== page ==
As routine and antiquated as book reports might seem, they’re still valuable assignments to assess reading comprehension, writing skills and even critical thinking. And with new digital tools for the classroom, there are ways to make book reports exciting and new again. Here’s how:
Video Book Reports
While writing skills are extremely important, encourage higher engagement by allowing students to do a portion of their book reports using video. Although video book reports will not allow you to measure writing skills specifically, you can still assess comprehension, creativity and organization.
Audio Book Reports
Imagine completely removing the visual aspect of a book report, prohibiting images or illustrations. Students would only have their words to convey their thoughts. Incorporating audio book reports can push students to their creative limits and encourage them to think outside the box.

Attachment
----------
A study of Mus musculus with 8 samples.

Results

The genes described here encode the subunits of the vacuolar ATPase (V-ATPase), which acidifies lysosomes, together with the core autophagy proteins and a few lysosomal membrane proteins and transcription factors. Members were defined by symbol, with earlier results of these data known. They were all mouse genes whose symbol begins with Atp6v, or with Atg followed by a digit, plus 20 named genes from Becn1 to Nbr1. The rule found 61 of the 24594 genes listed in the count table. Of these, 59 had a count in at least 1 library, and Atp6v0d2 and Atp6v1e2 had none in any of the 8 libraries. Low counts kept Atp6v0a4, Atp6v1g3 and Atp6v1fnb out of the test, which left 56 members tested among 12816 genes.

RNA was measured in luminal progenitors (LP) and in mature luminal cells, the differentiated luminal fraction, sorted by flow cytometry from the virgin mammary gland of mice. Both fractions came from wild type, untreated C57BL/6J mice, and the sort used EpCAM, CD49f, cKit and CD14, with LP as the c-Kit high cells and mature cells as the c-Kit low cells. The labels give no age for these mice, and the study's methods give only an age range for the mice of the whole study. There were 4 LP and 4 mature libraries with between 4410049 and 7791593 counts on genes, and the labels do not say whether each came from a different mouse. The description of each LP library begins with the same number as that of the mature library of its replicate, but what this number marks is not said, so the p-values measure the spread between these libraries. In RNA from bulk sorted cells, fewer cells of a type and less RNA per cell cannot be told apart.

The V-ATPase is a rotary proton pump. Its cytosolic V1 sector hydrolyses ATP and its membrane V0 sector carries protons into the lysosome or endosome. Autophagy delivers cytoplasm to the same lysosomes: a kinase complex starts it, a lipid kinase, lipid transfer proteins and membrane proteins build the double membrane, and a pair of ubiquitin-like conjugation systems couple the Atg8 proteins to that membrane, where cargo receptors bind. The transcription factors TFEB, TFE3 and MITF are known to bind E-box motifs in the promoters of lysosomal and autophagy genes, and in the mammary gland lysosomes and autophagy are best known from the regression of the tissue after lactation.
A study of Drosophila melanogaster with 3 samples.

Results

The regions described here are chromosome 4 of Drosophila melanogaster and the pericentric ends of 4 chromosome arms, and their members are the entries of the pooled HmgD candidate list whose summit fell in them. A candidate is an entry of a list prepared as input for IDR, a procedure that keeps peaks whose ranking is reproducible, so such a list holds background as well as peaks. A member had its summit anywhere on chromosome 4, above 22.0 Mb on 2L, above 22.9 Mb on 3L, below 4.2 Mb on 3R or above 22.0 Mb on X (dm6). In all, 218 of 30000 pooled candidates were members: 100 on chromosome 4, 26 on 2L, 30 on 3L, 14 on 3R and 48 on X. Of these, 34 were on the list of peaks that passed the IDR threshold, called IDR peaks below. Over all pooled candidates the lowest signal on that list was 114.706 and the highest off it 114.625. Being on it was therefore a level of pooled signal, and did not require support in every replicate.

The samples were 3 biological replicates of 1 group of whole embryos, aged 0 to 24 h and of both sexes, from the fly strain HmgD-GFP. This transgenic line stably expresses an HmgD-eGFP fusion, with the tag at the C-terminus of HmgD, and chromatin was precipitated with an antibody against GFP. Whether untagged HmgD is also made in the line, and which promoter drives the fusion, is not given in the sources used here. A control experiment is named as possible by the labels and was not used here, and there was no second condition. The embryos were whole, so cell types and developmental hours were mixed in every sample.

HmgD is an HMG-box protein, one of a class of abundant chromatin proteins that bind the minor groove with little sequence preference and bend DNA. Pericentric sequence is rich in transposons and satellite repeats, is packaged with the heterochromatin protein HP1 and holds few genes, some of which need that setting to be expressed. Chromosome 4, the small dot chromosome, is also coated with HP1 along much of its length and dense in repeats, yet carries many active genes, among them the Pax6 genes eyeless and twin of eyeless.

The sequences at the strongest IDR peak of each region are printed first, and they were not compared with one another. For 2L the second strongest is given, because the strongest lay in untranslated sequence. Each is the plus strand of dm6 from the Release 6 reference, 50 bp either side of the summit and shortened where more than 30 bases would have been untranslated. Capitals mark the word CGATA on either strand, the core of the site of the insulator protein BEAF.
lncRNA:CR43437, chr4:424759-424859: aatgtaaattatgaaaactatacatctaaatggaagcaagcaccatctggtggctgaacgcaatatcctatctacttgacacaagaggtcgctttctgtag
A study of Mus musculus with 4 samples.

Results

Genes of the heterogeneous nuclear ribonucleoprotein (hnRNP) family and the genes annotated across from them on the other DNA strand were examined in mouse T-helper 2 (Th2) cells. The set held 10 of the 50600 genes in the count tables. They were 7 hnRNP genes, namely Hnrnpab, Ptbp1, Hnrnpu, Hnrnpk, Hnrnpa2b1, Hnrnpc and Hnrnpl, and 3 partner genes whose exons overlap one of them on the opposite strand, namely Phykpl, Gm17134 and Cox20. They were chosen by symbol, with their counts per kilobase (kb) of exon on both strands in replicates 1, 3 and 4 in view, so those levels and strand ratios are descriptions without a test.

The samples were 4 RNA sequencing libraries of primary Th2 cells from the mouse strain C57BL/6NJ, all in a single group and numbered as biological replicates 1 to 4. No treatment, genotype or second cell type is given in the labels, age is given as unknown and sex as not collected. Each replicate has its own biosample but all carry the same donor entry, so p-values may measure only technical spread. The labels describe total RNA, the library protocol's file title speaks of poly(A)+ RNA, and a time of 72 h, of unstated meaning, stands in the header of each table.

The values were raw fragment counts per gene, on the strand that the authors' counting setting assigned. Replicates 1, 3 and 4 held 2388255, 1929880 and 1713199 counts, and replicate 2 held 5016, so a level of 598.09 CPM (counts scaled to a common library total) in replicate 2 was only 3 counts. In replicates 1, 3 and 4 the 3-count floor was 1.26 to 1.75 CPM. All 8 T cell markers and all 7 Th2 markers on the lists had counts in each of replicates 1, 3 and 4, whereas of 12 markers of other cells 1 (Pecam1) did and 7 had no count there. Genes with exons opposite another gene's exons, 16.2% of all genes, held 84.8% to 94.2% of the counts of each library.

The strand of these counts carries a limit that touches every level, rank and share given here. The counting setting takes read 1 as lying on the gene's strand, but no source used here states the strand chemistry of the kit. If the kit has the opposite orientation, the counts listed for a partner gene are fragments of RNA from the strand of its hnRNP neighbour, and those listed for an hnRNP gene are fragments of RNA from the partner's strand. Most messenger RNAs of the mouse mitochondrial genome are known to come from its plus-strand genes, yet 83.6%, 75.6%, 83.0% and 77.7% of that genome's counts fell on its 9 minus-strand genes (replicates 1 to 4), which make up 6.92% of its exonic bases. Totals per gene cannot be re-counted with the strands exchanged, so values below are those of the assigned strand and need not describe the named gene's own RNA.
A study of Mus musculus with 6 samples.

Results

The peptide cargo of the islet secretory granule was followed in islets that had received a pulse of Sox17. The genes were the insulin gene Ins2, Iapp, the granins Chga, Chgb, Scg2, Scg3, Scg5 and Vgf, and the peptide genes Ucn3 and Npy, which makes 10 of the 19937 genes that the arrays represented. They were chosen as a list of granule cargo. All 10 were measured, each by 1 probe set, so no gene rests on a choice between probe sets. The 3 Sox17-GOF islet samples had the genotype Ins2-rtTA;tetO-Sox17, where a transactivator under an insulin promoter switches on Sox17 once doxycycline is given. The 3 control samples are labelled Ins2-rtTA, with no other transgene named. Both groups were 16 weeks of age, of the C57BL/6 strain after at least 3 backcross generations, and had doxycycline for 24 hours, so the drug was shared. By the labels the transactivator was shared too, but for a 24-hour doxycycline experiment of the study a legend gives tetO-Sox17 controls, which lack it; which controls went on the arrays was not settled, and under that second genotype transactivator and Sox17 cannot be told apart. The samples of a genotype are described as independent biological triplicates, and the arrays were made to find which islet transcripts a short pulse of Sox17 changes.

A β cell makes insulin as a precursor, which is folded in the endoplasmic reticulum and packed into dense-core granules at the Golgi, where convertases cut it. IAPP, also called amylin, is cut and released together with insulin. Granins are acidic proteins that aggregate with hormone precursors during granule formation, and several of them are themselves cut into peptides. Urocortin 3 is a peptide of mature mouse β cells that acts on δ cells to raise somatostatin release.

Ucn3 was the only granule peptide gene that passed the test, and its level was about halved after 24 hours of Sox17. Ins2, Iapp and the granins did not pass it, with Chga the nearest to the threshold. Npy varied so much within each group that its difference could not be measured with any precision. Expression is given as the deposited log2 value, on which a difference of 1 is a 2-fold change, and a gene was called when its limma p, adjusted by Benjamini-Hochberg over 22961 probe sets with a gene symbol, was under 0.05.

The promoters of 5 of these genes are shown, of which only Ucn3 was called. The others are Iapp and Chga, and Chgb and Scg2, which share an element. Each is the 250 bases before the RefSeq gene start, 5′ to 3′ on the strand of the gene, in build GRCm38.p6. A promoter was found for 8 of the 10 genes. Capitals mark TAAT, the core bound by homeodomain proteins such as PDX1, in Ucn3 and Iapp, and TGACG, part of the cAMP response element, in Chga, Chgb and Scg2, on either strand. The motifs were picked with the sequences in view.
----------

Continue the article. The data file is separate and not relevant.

Blog-Style Book Reports
If you aren’t quite ready to let go of the written component of book reports, try blog-style book reports. Blogging is a unique way for students to report on their reading. Instead of students waiting until the very end of their book, with a blog they can write weekly posts about how the text develops. Then once they finish, they can write a book review on their blog.
Website Book Report
Another way to keep writing at the core is to have students build websites in place of a book report. Depending on the grade level, you can require students to build their websites from scratch or you can use a content management system so coding doesn’t become a barrier. The website can incorporate images, videos and other digital elements.
Book reports don’t have to be things of the past. They just need a refresher to bring them back to life. Adding a few digital elements can bring more excitement to both reading and writing. Even teachers can have a more enjoyable experience when students incorporate technology into their book reports.